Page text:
Title of Project:
String Sawing Technique on Jades in Ancient East Asia

Total Fund Awarded:
HK$480,513

Principal Investigator:
Professor TANG Chung, Department of History, The Chinese University of Hong Kong

Funding Source:
RGC General Research Fund 2012/13

Abstract of Research:
        This project aims to study string-sawing techniques seen on jades in Neolithic East Asia. Jade is a collective term applied to compact aggregates of either nephrite or jadeite. Nephrite was particularly popular in late Neolithic East Asia, and it has an interfelted microstructure that makes it extremely tough. We propose that knapping techniques in the Palaeolithic were no longer suitable for cutting nephrite raw materials and executing with high accuracy and delicacy due to this nature of the mineral, giving rise to the sawing technique. String-sawing uses a string coated with an abrasive to cut jades by rubbing it back and forth. Abundant traces of string-sawing have been found on the jades of Xinglongwa, Hongshan and Liangzhu cultures from 6000 to 3000 B.C., but many scholars argue that these traces are the results of wheel cutting, while those who have discussed the string sawing technique have only limited themselves to textual descriptions.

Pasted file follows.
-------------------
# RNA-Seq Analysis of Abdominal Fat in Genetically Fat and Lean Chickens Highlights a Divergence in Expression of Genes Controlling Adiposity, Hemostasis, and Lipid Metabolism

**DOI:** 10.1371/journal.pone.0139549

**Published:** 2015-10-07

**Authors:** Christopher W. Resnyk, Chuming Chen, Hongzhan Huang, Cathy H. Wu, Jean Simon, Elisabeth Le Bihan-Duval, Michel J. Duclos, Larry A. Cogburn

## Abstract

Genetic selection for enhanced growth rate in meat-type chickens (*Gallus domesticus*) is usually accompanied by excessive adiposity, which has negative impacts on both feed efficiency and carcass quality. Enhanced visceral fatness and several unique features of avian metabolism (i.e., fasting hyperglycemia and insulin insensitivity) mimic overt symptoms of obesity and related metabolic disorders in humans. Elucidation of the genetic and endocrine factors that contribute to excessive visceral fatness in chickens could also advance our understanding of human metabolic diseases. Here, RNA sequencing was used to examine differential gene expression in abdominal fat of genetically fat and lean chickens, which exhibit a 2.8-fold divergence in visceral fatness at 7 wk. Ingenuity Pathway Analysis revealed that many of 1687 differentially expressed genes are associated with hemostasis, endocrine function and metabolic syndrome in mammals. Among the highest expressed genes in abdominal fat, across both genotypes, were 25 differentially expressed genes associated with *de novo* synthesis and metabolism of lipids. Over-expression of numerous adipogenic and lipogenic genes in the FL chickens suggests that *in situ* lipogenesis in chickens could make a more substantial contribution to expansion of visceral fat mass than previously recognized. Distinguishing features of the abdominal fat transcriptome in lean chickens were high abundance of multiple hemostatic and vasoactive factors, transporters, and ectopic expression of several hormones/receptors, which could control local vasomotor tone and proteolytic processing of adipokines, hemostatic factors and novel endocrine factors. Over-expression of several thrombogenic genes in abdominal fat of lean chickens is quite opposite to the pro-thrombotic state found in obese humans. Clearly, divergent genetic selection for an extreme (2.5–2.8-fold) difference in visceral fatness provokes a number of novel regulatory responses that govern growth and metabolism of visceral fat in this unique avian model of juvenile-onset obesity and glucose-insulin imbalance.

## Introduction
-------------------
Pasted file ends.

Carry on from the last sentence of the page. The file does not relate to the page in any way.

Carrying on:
To define such a technology with objective standards, we urgently need experiments that replicate use wear, microscopic observations of excavated artifacts, and comparisons of a large amount of data. The new standards produced will then allow sound analyses of string-sawing techniques, dissolving current disputes over prehistoric jade technology. All these considerations above form the basis of the proposed two-year project to analyse excavated specimens from China, Russia, Japan and Korea. We will fully review and use the chaîne opératoire approach in our survey, and systematically study tool marks through digital photography and polarizing and scanning electronic microscopes. The expected results and impact are:

  1. Establishment of an international database of standardised features and terminology to systematically define and document the string-sawing technique.
  2. Facilitation of future research on the distribution, dispersion and chronological development of this technique with reference to the standards created.
  3. As jades have long been highly esteemed in ancient China, the study of its production technology as a dynamic cultural phenomenon will also shed light on the social structures and worldviews of the societies concerned. The impact of this research reaches across and beyond East Asia, as the technique has also been found in the New World, such as in Mayan and Olmec cultures.